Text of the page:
M. P. Kozlowsky
Young Juniper Berry knows her mother and father aren't the same people they used to be. Of course, they're no longer struggling actors—they're now the most famous movie stars in the world. But it's more than that. She can't shake the feeling that something isn't quite right with them. And one rainy night, in the shadowy and sinister woods behind their mansion, she discovers she's right.
Now, it's up to Juniper to overcome her own demons in order to save the ones who couldn't.
voice they had ever heard. “You have found me.” Chapter 8 APART FROM A LONG TABLE at which sat the shrouded figure with the wicked voice, the room was a barren chamber lit by two torches. The ceiling dripped what Juniper assumed to be rainwater, and shadows upon the walls shifted and danced in the flickering primal glow. Every now and then she could swear they formed images—dark, disturbing images that lasted just long enough for her to question if she even saw them at all. She couldn’t
fired a musket.) The program portrayed everybody in town as cheerful drones, and the children brought home shining coins from their jobs and lived in huge, lively houses and the country grew at an astounding rate, covering the land with its newfound technology, bringing peace and love everywhere it spread. Everything on-screen was all so clean and simple and perfect. Toward the end, her animated guide said the Industrial Revolution was what made the country great, but she never really figured out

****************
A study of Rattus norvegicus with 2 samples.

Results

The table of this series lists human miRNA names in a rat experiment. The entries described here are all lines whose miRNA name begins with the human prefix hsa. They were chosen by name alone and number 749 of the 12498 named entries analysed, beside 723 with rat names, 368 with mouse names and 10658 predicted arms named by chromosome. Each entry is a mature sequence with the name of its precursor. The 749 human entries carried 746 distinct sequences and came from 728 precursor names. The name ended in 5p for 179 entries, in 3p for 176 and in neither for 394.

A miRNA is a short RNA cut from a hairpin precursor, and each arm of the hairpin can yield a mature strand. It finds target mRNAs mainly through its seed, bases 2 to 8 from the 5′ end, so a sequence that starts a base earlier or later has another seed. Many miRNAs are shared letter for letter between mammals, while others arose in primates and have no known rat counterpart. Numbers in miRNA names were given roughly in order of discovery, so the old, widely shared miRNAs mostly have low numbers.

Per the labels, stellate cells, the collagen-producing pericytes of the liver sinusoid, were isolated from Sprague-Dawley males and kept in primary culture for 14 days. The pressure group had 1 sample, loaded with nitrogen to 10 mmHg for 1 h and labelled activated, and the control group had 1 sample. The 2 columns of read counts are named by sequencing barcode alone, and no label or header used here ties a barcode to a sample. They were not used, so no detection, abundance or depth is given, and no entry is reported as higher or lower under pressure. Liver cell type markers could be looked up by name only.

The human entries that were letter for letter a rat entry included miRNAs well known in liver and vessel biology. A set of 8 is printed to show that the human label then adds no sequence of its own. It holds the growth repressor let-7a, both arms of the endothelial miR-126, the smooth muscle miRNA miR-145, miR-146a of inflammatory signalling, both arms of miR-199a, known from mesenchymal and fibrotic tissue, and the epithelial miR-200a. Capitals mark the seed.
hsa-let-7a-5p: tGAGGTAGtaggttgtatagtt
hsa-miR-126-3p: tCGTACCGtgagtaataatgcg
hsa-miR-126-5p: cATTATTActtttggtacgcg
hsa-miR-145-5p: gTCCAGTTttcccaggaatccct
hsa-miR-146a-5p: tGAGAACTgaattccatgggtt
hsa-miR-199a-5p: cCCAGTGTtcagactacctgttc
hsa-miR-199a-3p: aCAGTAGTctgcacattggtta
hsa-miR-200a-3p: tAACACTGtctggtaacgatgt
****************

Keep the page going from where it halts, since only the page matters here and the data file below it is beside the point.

how. Something, Juniper believed, was missing, and she wanted to know what. She let the program run its course, taking in what she thought was interesting or important, and, as usual, she decided that when Mrs. Maybelline left for the day she would run down to her father’s study, grab a few books on the subject, and educate herself—as well as keep her mind busy and away from her parents, Giles, the tree, and those balloons. She could lose herself in her books, her spyglasses. But was this
alone.” His eyes never left the crowd. Still, she tried to convince Giles. “I am a part of the world. Just a different part than you. Maybe everyone else was supposed to join us. Ever think of that?” But the words sounded hollow, as if she were trying to convince herself and failed miserably. Juniper wanted to cry. She never thought there was a problem with herself, but maybe there was. Maybe she had it wrong all this time. Giles started to look annoyed, anxious to get back. Juniper reached out
inside. The moment she stepped into the room, thousands of sparks flew past her, into the hall and toward the noises of the beasts. At the table, dressed in the same suit with his hat still sitting and randomly jumping beneath the table on the floor, Theodore looked up from his work. “Juniper. What’s going on?” He saw the balloons filling the room in two big bursts. “Are those . . . ? Did you . . . ?” Juniper nodded. “No, no, no. This is foolish. You must get to safety.” “I’ve come for you.”